The Americans had identified the 26th long since as the unit garrisoning the West Wall bunkers on the German bank. The presence of two panzer units on the 110th Infantry front was not suspected. General Cota and the 28th Division Staff were prepared for some kind of German effort west of the Our, but the intelligence coming down from higher headquarters pointed only to the possibility of a limited German attack against the 109th Infantry and the American communications running north from Luxembourg City. There was no hint from any source that the enemy was about to strike squarely into the center of the 8th Division and in overwhelming array.


In the late afternoon of 15 December General Luettwitz gathered his division commanders in the XLVII Panzer Corps forward headquarters at Ringhuscheid for final instructions and introduction to the new commander of the 2d Panzer Division, Colonel von Lauchert, who had been selected at the last moment by the Fifth Panzer Army leader to replace an incumbent who was not an experienced tanker. Lauchert arrived too late to meet all of his regimental commanders, but the 2d Panzer, like the rest of the corps, was already in position to move the moment darkness came. Apprehensive lest the Americans be prematurely warned, Army Group B had forbidden the movement of any troops across the Our in advance of the opening barrage set for 0530 on 16 December. Conforming to these instructions the 2d Panzer Division moved its assault columns to Dasburg during the night of 15-16 December but halted in assembly areas east of the river.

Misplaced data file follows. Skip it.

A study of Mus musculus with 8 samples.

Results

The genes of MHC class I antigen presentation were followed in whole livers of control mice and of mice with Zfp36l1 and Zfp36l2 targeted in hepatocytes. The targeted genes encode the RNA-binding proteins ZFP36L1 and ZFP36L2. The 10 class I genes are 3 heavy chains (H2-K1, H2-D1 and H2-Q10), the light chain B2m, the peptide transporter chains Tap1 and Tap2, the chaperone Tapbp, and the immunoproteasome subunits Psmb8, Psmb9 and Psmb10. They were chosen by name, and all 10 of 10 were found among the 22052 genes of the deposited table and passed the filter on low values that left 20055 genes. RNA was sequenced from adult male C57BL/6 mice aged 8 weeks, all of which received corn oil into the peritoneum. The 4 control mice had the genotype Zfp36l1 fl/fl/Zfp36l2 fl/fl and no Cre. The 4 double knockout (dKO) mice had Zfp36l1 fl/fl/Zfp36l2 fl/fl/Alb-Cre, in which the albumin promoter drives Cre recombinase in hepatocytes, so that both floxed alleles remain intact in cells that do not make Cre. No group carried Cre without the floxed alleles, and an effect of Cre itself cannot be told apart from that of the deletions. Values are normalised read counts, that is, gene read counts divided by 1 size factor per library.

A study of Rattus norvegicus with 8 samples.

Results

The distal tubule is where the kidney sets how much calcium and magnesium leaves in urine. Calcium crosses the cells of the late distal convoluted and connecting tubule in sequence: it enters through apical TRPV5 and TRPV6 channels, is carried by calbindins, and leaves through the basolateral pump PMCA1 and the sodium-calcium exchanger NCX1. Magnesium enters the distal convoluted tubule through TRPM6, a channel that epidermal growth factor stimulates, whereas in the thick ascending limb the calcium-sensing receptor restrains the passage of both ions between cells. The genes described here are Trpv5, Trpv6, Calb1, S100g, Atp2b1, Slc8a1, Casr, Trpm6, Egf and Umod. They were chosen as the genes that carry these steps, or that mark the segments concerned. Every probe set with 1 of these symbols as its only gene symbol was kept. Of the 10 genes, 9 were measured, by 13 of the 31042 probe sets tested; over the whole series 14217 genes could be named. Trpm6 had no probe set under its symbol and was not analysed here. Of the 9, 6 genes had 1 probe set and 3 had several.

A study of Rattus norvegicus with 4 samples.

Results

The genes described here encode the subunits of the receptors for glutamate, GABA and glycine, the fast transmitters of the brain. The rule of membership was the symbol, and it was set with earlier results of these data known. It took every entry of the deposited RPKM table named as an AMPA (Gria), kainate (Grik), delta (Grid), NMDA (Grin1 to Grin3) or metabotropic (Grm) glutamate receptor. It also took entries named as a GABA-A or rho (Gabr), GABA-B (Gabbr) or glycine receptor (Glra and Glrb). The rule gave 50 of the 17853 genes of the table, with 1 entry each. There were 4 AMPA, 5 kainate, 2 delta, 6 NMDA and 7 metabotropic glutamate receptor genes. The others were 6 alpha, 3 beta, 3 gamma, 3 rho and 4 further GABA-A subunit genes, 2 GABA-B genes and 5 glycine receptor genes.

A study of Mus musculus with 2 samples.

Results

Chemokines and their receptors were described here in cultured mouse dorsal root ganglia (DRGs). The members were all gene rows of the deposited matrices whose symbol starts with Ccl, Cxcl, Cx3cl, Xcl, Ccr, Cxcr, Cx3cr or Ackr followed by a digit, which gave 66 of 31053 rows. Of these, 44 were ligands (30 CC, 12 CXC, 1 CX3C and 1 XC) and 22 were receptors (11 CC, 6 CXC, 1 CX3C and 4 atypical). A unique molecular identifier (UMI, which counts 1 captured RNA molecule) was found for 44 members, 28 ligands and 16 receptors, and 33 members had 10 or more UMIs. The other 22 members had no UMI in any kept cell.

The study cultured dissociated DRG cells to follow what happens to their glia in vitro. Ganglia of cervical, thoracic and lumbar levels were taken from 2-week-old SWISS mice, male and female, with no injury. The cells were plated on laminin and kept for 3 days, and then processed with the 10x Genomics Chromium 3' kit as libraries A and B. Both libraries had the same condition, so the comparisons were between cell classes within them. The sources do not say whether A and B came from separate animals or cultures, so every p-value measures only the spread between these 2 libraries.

On the corps left, however, General Kokott and the 26th Volks Grenadier Division jumped the gun. Kokott's screening regiment, the 78th, had been in the habit of throwing out an outpost line west of the Our from nightfall till dawn. On the evening of 15 December the outpost troops, considerably reinforced, crossed to the west bank as usual and moved cautiously forward. About 0300 engineers manning pneumatic rubber boats began ferrying the 80-man assault companies and heavy infantry weapons across the river. As each company debarked it marched inland to the line of departure which the outpost force now held close to the American garrison points. The 77th Regiment formed on the right near Hosingen and the 39th, echeloned to the left and rear, assembled in the woods north of Wahlhausen. With surprise almost certainly assured and the knowledge that the Americans


[6]The American sources for the initial phase of the defense in this sector are unusually complete. The 28th Division after action report shows the lines of withdrawal and is supplemented in detail by the 28th Division G-3 journal and telephone file. The 109th Infantry after action report and journal are intact and useful. (See also The Old Gray Mare of the 109th Infantry Regiment (Augsburg. 1953.) ) The 110 Infantry has not only a regimental after action report but one for each of its battalions; however the 110th journal is missing for the period prior to 24 December 1944. The 112th Infantry S-2 and S-3 journals have numerous overlays showing the action. Combat interviews provide good coverage for most of the major actions by the 28th Division. For the German sources see note 2, above. See also The Rise and Fall of the 2d Panzer Division (MS) edited by TUSA, 1 PW, May 1945; MS # P-032d (Generalmajor Hans Kokott).